December 28, 2008

a matter of dub 4

Welcome to the last part of our DUBtroduction. 

This time with 2 fellas that have contributed a great deal to the development of DUB music. Sly Dunbar on the drums and Robert Shakespeare on keyboard/bass guitar are Sly & Robbie. Not only did they produce the music for 3 Grace Jones albums, they also worked with the likes of Bob Dylan, Peter Tosh and DUB genius Mad Professor. In 2004 they impressed once again with their Version Born album, which features today's track of choice. Eurythmics' original version is a great piece of music and definitely hard to beat. Still, S&L manage to deliver the goods. I mean, you can actually feel the rain when listening to the tune. A smacking beat pours out of a mountain spring and heavily disperses into the ear. But only when Imani Uzuri's voice appears, the track reaches full power and brightness. It feels like being in a huge, open space, listening to the patter of rain on the roof. This one is special!

December 27, 2008

a matter of dub 3

And the good Lord said
Love thy brother than thyself and
Everything will be made possible to you
Because he can surely turn the tides
He can push the tempest by

And all he asked
Of men and men and men and men
Is that we give each other love

In other words: PUSH PUSH

December 26, 2008

a matter of dub 2

The DUB days continue.

Today with a latin-flavoured piece of echo-music. The original version by Isolée is probably one of the most famous and best electronic music tracks ever produced. And, like with all perfect things, there's no way to do it better. Still, there's an option: To do it differently. Freeform Five have adopted much of the original Beau mot plage without burning the candle at both ends. The result can be seen as the best of both worlds. The indicated groove of the original is expanded by a dash of latin spice which turns out to be a square meal. Taste for yourself:

December 25, 2008

a matter of dub I

Ladies, Gentlemen.

Here's your december ration of DUB. 

I've put together a rather arbitrary selection of some of my favourite DUB tracks (arbitrary with regards to release date, alphabetical order, etc.) to keep you warm. Enjoy!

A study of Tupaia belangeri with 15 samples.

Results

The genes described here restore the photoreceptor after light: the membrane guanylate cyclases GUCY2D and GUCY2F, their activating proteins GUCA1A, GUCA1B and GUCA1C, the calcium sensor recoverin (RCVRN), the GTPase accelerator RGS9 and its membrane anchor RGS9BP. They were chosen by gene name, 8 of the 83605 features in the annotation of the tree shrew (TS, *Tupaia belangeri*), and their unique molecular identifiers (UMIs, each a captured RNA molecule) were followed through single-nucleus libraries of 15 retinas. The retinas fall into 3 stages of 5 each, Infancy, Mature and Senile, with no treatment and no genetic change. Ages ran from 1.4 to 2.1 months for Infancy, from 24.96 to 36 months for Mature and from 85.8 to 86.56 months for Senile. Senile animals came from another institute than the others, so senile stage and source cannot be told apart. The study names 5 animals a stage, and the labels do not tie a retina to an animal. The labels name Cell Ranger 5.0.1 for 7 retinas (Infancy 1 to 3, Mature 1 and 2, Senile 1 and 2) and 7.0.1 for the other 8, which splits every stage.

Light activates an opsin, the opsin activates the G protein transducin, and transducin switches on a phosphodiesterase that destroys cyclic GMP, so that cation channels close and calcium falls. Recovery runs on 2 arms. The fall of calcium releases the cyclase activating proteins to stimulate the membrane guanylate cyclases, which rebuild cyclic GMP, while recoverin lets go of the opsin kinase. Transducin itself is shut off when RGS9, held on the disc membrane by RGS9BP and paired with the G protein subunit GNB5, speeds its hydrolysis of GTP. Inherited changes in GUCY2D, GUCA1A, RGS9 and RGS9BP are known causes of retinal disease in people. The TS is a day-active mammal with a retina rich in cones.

In this post, you will find the incredible Lumever from Mikkel Metal's brilliant new album Peaks and troughs. Although we're talking 120bpm here, this tune is heavily influenced by classic D'n'B production work (e.g. Doc Scott's Shadow boxing). The typical dark, deep bass slowly continues to build up but never actually takes over. It's like a thunderstorm hidden somewhere in the back of the track, ready to attack anytime. 

December 24, 2008

Mick & Marc "Rocking Show"

Merry Christmas all and sundry, let's begin.

Santa Propeller has got a nice selection for the cold days. To start with, there's a new album out by infamous BigBeat producers Mick&Marc. The baby is called "Rocking Show".

15 tracks bring us back to the golden days of Krafty Kuts, The Freestylers, and Bill, Ben & Baggio.

One Love, the first track on the album already gives us a good idea of what to expect for the next hour (The album runs 60min on the dot). It's my personal favourite, bouncy as hell with the old-but-never-out-of-fashion sample from Larry Heard's Can you feel it house anthem.

Tracks 2 to 6 pretty much use the same recipe to roll. In fact, it all sounds a little too familiar after a while ("Amen"-break, a couple of "Rock-ons" "Get downs" and an MJ beat somewhere). At this point though one should be aware of another 45min to come. And that's a 100% worth the voyage. Track seven, Soul Rocking Show features a decent vocal sample that will definitely make you wanna dance. 3min 33sec Relax demands us to have a cup of tea for halftime. Beautiful! 

Still not over. Track 12, Spooky, features a killer beat while that bass and synth strongly bring the Plump DJs to mind. It sounds as if the Chemical Brothers and AIR met in a studio after a gig at 8 in the morning. Massive tune! 

The last three tracks lead us by the hand to the end of an amicable trip. I very much enjoyed it. Thank you, Marc and thank you, Mick.